MENTAL health bosses have vowed to "learn lessons" following the death of a teenager who hanged himself after repeatedly telling medics that he was going to kill himself.

Jamie Nolan was just 19 when he took his own life at the Stonham’s House Men’s hostel in Chorley Old Road on April 12.

An inquest into his death heard the former Harper Green School pupil, who had an unsettled adolescence and was homeless aged 17, had repeatedly gone to the Royal Bolton Hospital and claimed he was going to commit suicide.

His mother, Elizabeth Nolan, begged for him to be admitted, but it was decided he was of a low risk of harming himself and could be better treated in the community.

Bolton Coroner’s Court heard that heard Mr Nolan was then discharged from the care of Greater Manchester West Mental Health Trust’s crisis team on February 21 — just a day after a noose was found in the room where he was staying.

Care workers believed he had planned for the noose to be found during a room inspection and maintained that psychological therapy in the community would be the best option.

Mr Nolan was then referred to primary care psychology services — but was deemed unsuitable for this care, and at the time of his death the 19-year-old was left in limbo with just a GP responsible for his treatment.

Greater Manchester West has since carried out an internal investigation into Mr Nolan’s death and a number of changes into the way services are run have been introduced.


Director of operations and nursing at Greater Manchester West, Gill Green, said: “Since the death of Jamie Nolan we have undertaken a detailed and thorough internal investigation as to the circumstances leading up to his death.

Jamie’s parents were able to contribute to the investigation and raise any questions they had about our services and our response to Jamie.

“We have also shared the actions we are taking to ensure that we do learn lessons and continue to develop and improve our services.”

One change, introduced since Mr Nolan’s deaths, means that referrals from the crisis team to other services can occur before a patient is discharged, meaning that there is no gap between services and no period of limbo for patients.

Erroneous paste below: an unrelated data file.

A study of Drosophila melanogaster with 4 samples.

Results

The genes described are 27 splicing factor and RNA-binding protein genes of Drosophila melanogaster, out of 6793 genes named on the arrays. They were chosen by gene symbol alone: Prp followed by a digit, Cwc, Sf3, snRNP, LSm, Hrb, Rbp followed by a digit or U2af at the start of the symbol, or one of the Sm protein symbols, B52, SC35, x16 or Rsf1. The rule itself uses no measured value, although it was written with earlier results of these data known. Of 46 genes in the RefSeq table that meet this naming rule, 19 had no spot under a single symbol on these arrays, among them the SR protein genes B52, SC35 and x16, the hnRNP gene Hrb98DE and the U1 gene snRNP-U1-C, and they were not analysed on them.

Speaking at the inquest, Christine Parker, assistant director for community services for Bolton Mental Health, said: “This will mean that patients are not left for a period without intervention.

“People can be referred to primary care services but if they are not deemed acceptable, there will now be a meeting to discuss what happens next.”

Mr Nolan’s step-father, Vincent Ashton said he felt this was “an obvious problem”.

He added: “Why didn’t staff point out that patients could be left in limbo if they were discharged and then not taken into primary care?”

The investigation also stated that the previous method of formulating risk assessments for patients “did not assist staff in understanding Jamie’s risk.”

Ms Parker confirmed that further training in this area has since taken place and that a new risk assessment system has been implemented.

Earlier in the inquest, assistant deputy coroner Geoffrey Saul was told how Mr Nolan had become obsessed with his health after his father was diagnosed with, and subsequently died from, the degenerative brain condition Huntingdon’s disease.

Recording a narrative verdict, Mr Saul said that “sub-optimal procedures for risk assessment and communication issues may have combined to make it harder to assess fully the risk of suicide for Jamie”.

He added that he was “satisfied” that Mr Nolan had intended to end his life on April 12.

The inquest comes after Greater Manchester West announced plans to remove 50 beds from the Royal Bolton Hospital in October in a bid to save £2.1 million.

Speaking after the inquest, Mr Nolan’s mother, Mrs Nolan said: “It was a fair judgement and I don’t think there was any other conclusion that could be reached.

“We will now consider what to do next.”